Ag ministers pledge support for supply management

CHARLOTTETOWN, P.E.I. — Canada’s agriculture ministers say they support expanded trade opportunities but not at the expense of supply management.

After their annual meeting, which was held in Charlottetown this week, the ministers said new markets such as those through the Trans-Pacific Partnership are critical to an exporting country like Canada.

But they also said they would continue “to preserve the integrity of the supply management system.”

Host minister Alan McIsaac said as far as he is concerned that means no changes to the existing system in order to get a TPP deal.

“We need to open up barriers but not at the expense of supply management,” he told a news conference. “It’s a tricky discussion.”

Federal minister Gerry Ritz called the situation a balancing act. He said Canada’s position is clear and negotiations would not take place in public.

The federal government has consistently said supply management will be protected even as it works to sign trade deals with countries that don’t like the system.


Some suggest the TPP could be signed by the end of this month. Stakeholders are off to Maui next week for discussions, and a ministerial meeting is scheduled for the week after that.

The ministers also discussed weather conditions affecting agricultural operations across the country.

Extremely dry conditions in parts of Alberta and Saskatchewan have led to concerns about feed availability for livestock producers. Alberta minister Oneil Carlier said crop insurance and other programs are in place as the first line of defence and said he is in constant communication with officials and industry leaders about the situation.

In P.E.I., potato tampering has become an issue of significant concern. Ritz called the acts “despicable” and “deplorable” and pledged to prosecute anyone caught tampering with food under the Safe Food for Canadians Act.

The law carries a fine of up to 18 months in prison and a maximum fine of $500,000 for a first offence.

“We look forward to them finding these scoundrels,” Ritz said.


Meanwhile, the ministers also met with industry leaders at a roundtable hosted by the Canadian Federation of Agriculture, where they discussed social license and the need for the industry to rally together to counter activists and those who are working to break down public trust in the food system.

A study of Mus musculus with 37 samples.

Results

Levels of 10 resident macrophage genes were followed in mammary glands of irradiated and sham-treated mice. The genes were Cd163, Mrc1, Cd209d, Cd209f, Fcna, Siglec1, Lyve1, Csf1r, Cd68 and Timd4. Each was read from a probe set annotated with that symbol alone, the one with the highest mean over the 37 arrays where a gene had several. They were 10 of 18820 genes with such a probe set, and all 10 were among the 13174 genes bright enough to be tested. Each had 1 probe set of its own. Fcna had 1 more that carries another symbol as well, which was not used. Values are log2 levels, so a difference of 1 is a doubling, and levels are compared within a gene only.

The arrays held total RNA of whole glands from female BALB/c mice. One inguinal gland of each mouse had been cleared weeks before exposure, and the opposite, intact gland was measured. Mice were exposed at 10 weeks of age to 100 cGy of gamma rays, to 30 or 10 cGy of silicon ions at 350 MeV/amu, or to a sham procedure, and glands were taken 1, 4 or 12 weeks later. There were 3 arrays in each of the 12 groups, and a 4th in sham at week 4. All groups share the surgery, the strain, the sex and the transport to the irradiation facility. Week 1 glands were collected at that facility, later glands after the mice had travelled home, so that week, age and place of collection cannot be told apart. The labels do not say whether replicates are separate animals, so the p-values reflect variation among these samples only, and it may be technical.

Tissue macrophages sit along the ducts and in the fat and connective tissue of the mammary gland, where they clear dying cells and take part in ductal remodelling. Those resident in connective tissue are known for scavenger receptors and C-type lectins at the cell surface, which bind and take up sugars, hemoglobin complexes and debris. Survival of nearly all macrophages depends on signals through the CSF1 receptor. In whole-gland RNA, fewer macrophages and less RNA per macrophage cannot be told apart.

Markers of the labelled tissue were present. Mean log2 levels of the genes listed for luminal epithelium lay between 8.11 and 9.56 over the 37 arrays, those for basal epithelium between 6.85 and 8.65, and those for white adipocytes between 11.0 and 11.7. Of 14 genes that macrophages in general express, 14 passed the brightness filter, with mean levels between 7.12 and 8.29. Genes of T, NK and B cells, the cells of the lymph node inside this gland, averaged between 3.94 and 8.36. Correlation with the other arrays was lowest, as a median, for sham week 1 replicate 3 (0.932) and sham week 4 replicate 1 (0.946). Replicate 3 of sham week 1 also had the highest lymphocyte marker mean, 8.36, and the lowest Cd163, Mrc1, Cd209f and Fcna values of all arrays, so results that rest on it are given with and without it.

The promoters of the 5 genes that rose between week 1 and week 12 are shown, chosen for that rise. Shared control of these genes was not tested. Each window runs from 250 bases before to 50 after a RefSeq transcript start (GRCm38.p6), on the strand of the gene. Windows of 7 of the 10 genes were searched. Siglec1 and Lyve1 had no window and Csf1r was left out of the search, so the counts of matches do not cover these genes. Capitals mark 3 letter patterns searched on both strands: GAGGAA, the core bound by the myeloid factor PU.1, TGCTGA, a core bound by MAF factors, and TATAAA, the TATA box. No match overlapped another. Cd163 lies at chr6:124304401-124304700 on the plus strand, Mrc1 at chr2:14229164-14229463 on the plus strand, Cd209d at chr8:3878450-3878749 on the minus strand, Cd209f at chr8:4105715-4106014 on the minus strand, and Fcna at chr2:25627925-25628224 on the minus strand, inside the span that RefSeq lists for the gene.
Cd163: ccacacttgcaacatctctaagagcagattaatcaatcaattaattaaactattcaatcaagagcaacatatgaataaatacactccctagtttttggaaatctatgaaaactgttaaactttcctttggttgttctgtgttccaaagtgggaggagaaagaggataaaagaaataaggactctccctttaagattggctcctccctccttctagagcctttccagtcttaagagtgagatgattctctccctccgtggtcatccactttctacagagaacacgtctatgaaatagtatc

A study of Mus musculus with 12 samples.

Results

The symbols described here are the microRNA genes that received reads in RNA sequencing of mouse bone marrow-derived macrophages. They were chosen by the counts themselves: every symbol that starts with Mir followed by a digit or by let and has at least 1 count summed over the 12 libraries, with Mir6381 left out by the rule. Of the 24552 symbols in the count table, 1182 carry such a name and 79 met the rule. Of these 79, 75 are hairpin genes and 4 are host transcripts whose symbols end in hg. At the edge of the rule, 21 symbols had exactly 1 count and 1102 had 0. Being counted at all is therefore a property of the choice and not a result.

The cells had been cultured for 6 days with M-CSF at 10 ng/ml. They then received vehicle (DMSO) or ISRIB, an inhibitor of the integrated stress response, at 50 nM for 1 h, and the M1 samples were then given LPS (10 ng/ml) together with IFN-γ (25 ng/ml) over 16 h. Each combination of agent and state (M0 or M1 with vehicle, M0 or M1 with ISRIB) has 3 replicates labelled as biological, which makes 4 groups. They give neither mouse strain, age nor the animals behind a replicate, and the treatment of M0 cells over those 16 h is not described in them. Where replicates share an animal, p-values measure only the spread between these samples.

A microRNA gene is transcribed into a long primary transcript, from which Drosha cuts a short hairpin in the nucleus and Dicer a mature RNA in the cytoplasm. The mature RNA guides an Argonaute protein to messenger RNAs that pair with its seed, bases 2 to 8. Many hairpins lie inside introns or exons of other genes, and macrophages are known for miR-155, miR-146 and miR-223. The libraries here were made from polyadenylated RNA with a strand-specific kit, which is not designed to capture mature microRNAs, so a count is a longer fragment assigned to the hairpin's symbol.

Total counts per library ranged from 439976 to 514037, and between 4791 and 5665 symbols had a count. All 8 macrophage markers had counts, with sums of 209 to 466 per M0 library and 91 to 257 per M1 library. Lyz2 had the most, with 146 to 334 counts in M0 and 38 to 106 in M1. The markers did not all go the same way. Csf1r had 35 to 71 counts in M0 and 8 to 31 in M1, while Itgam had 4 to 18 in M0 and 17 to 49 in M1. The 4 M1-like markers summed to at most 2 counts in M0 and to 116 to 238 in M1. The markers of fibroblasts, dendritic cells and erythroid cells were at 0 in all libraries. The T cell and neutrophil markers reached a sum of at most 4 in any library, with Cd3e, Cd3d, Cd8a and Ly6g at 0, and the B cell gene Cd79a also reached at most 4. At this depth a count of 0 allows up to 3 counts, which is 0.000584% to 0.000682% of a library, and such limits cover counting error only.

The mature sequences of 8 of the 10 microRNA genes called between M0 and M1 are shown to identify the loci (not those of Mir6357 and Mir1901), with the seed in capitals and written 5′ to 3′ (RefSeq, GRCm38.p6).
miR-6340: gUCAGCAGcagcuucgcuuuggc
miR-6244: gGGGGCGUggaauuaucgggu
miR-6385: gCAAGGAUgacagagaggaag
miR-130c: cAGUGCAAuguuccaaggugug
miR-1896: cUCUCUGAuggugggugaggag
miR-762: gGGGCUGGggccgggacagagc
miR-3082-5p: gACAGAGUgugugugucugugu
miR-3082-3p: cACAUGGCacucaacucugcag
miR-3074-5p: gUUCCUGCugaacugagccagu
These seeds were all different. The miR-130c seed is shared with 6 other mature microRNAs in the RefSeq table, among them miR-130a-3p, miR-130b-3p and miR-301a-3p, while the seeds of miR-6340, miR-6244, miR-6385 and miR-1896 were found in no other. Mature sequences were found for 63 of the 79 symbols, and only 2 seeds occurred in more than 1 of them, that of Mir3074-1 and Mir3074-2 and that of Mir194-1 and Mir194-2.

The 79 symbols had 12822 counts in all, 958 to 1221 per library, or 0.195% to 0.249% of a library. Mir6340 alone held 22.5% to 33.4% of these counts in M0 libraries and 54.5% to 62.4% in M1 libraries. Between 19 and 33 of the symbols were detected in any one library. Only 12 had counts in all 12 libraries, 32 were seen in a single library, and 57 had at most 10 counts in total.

CFA president Ron Bonnett said the issue resulted in one of the best discussions ever with ministers.

“We’ve got to start fighting back,” he said in an interview.

Some consumer demands are unrealistic, Bonnett said, but there has to be a way to deal with the real concerns they have.

“There was definitely a commitment by ministers to have a more robust discussion amongst themselves,” he said.



  • ed

    Not truthful is one way of describing this present Canadian Federal Ag. Minister Gerry Ritz. He said all these same types of things to Western Canadian Grain farmers in the spring election campaign of 2011. In Minnedosa Mb., April 2011, in front of a group of farmers he said, Gerry-“I am not prepared to work arbitrarily to change the CWB”, in reference to the 47.1 section of the CWB act that required a democratic vote to alter that act, and further to this comment he said, Gerry- “I believe in Democracy, I hope you do to.” Well words mean nothing. It is actions that count and we know clearly now the actions that this government took on that issue. They obviously are not to be trusted now and Mr. Bonnett knows this well, but is trying to hide it. That is a calculated strategy but probably not the best one given this governments lack of good will. For the people in Canada that actually believe in Democracy, there is a vote coming up in October. It will be interesting to see if people research and vote for a political party and leader that in acts core policies that they need and are similar to those that their forefathers believed in and voted for or just vote for the party and people that fly the same color banner and wear the same color of shirt as they did back then. These guys sheep costumes seem to be wearing quite thin and falling off a bit.

  • rservice

    The sooner supply management gets its head out of the sand and quits holding the grain beef and pork commodities hostage the better I’m sick of competing on a uneven playing field with x dairy farmers selling quota at 40000$ per cow and driving up land prices to the level of stupidity just to launder their money

    • ed

      With supply management the land required for the operations of these businesses is limited, just like their production. They will often buy hay and feed from local grain farmers who they can work with at less than they could produce it themselves for, or they truck it in from large distances where the land has a far lower price, away from the tight milk shed circle around a city and the large influence on real estate values around urban centers. Raising pork and beef in these settings and price restriction or growing the grain to feed them will not work unless you can get the price of those commodities way up and that is not possible. What you are suggesting will create a domino effect of winners and losers. The big winner being urban developers that get all that land from broke grain, pork and beef farmers far sooner than would occur eventually and the biggest losers will be people who would like some fresh milk, eggs, or chicken rather than having it reformulated from a dehydrated powder or frozen, and people like you who thought it would work.